US accused of hypocrisy on human rights


In its latest annual report published today, Human Rights Watch lists a whole series of shortcomings by the US.

These include the denial of full human rights to certain minority groups, including homosexuals and immigrants, a particularly brutal prison system, and capital punishment, of which the US is among the world's most zealous practitioners, exceeded only by such countries as China, Iran and Saudi Arabia.

The largest US-based human rights group claimed the Clinton administration's policy on the subject suffered from "large blindspots," and that human rights rarely ranked with its other interests.

Ignorance of international human rights norms is widespread, the group says.

"Both the federal and state authorities have resisted applying to the US the standards that the US, quite rightly, applies elsewhere."

Nor does Britain escape censure, despite the Northern Ireland peace agreement, which addresses the main source of human rights abuses of which the UK is regularly accused.

On paper, the deal's human rights provisions are strong, the report notes. But the BritishGovernment had shown littlecommitment when it comes to translating words into action - as evidenced by the granting of even wider powers to the security forces after the Omagh bombing in August.

Despite the continuing violations of human rights in scores of countries around the world, Human Rights Watch is upbeat about the progress that has been achieved in the 50 years since the United Nation's Universal Declaration of Human Rights, whose anniversary falls next week.

Over the past half century, human rights has been transformed from something of a dilettante cause to "the legitimate concern of the international community."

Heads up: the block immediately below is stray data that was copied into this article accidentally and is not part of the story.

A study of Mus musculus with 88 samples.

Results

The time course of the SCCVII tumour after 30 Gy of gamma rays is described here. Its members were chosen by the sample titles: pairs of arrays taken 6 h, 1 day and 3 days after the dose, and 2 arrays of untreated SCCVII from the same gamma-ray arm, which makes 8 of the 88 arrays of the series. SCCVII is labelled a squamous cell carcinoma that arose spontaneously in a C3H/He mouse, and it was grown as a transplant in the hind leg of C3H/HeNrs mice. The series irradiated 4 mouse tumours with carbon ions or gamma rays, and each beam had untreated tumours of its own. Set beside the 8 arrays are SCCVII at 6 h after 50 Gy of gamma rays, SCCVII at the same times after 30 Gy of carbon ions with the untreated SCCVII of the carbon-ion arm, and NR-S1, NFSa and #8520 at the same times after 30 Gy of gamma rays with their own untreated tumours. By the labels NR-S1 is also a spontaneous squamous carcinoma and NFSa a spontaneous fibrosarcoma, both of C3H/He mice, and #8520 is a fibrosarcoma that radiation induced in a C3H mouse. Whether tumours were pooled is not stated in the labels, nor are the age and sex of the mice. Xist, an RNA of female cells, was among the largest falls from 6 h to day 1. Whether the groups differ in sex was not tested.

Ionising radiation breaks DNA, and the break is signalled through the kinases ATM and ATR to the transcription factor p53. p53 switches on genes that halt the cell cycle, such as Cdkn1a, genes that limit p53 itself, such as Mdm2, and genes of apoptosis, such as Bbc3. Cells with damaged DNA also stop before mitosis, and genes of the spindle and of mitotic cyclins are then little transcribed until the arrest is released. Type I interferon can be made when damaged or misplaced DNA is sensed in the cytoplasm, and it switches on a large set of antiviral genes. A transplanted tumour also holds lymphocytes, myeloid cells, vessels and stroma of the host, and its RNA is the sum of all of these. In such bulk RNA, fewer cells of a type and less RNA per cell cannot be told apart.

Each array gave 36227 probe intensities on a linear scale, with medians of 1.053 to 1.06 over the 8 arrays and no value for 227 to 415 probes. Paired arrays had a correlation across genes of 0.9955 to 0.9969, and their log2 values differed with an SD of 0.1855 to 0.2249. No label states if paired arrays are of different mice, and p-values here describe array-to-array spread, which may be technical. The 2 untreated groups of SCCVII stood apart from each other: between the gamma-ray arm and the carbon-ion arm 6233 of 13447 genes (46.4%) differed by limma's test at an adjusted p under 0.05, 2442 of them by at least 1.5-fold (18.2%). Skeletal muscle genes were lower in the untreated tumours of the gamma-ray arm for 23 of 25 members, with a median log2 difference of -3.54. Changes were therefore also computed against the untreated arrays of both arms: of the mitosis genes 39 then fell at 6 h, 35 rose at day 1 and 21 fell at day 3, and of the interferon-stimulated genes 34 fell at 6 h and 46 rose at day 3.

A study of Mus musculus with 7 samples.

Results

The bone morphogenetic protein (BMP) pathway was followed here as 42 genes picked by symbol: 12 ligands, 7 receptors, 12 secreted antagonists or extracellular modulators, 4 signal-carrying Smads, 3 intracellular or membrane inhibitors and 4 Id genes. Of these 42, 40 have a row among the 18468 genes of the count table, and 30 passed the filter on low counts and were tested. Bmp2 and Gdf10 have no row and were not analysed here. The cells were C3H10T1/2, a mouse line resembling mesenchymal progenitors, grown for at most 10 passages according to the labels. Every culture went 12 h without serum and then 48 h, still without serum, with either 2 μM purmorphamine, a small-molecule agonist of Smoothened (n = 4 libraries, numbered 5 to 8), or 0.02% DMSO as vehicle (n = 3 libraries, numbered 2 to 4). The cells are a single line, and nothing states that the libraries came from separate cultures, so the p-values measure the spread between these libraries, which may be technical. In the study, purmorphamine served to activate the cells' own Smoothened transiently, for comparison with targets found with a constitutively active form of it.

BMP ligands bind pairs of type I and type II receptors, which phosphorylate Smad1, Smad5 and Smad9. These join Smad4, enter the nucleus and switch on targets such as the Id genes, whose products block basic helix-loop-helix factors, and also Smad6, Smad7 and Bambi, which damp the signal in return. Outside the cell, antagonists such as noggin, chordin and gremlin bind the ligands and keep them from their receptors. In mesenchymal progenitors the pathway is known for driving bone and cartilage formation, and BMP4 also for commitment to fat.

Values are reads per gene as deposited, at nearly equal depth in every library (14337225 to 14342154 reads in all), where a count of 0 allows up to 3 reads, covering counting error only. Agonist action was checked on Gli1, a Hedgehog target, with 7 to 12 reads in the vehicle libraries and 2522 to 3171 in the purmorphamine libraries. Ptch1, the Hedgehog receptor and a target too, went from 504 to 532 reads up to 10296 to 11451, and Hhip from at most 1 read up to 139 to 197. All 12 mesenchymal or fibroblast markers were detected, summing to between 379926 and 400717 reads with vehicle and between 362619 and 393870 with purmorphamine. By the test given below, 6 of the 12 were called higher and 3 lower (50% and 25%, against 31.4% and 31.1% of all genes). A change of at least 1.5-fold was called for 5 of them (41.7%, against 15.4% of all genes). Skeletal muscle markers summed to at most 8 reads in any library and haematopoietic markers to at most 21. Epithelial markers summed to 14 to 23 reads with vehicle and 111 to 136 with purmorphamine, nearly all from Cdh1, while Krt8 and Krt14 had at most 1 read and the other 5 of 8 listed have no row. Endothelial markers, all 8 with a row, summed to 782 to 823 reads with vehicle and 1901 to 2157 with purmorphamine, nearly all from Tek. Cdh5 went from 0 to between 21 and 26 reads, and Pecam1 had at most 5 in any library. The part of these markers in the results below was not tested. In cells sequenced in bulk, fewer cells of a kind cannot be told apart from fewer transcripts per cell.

The arrest of, and the subsequent denial of immunity to General Augusto Pinochet of Chile "makes a nice anniversary present," said the group's director, Kenneth Roth. But he called for a permanent international system of justice, "to make sure no despot gets away with his crimes".

The key to this, he argues, is quick ratification of the treaty setting up the UN-sponsored international court of justice, agreed by 120 nations in Rome last July, and now signed by 133. But here again Washington is taken to task.

Alone of the world's major developed nations, the US refuses to sign up to the international court, placing it in a select group with Iraq, Libya, China and Iran. The Clinton administration has also cold- shouldered initiatives seeking to outlaw landmines, and the recruitment of child soldiers.

Even when Washington does deign to ratify international treaties, Human Rights Watch says, it typically "carves away added protection for those in the US", by tacking on various reservations, declarations and understandings.

Among the special problem areas singled out by the report are many African countries, the "depressingly familiar" abuses across much of South Asia, and countries such as Algeria and Afghanistan, torn by violence and civil war.